Add Shine to Your Smile
Looking to correct those yellow surface stains? Maybe it’s time to consider professional care. If over-the-counter toothpastes, mouthwashes, and whitening strips just aren’t cutting it, here are some options you might want to consider.
In-office whitening procedures are simple and non-invasive. A dentist will first apply a hydrogen peroxide whitening gel, and then points a special light (like UV, LED, or Plasma Arc) toward that gel to activate its ingredients and speed up the whitening process. Dentists usually have patients follow up with a teeth whitening home kit that helps maintain the whiteness of teeth. At-home whitening kits include whitening gel and custom mouth trays. Used alone, they can be very effective in creating a brighter smile.
However, they usually take far longer than in-office whitening to achieve the same results. A one-hour office visit usually yields the same results as a few weeks of take-home gel.
Veneers, which are thin shells that fit over your teeth, are another way to get a brighter, whiter smile. They are particularly great for people who are looking to close gaps, fix rough or crooked edges, and/or correct the shape, size and/or position of their teeth in addition to getting a whiter smile.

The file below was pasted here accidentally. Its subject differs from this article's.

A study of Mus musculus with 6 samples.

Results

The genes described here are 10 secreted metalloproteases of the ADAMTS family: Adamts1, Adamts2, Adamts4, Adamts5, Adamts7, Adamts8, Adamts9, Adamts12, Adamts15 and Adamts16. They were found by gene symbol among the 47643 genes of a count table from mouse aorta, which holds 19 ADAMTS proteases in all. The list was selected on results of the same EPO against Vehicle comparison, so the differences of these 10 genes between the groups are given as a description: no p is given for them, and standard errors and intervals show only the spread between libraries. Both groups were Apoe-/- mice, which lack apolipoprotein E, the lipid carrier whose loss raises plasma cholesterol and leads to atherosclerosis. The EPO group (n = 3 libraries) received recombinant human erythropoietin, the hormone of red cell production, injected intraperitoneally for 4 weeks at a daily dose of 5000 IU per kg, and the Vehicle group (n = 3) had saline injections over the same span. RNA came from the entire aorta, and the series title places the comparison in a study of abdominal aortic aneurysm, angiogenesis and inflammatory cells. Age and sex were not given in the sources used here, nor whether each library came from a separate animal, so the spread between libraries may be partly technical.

The best veneers for achieving a whiter smile are made out of porcelain. Porcelain veneers have a long life span (12 to 15 years or longer), are extremely durable, and are generally more stain-resistant than your natural teeth. Why? The color is imbedded within the porcelain and then fired at over 1,800 degrees for a glazed surface.
The veneer procedure involves removing a minimal amount of tooth structure to make way for a thin layer of porcelain that is permanently affixed to the patient’s tooth. If you’re considering veneers, it’s important to talk to your dentist first about whether they may be right for you.
Expert Advice: Tooth Sensitivity
“Teeth whitening is one of the most common cosmetic procedures provided by dentists today. A common concern about whitening is that it will make the teeth sensitive during or after treatment. The truth is, sensitivity is one of the side effects associated with teeth whitening. However, everyone responds differently the whitening process.
If you are interested in teeth whitening, the first step is to talk to a dental professional who can guide you to the most appropriate whitening process for your individual needs and expectations– including sensitivity.”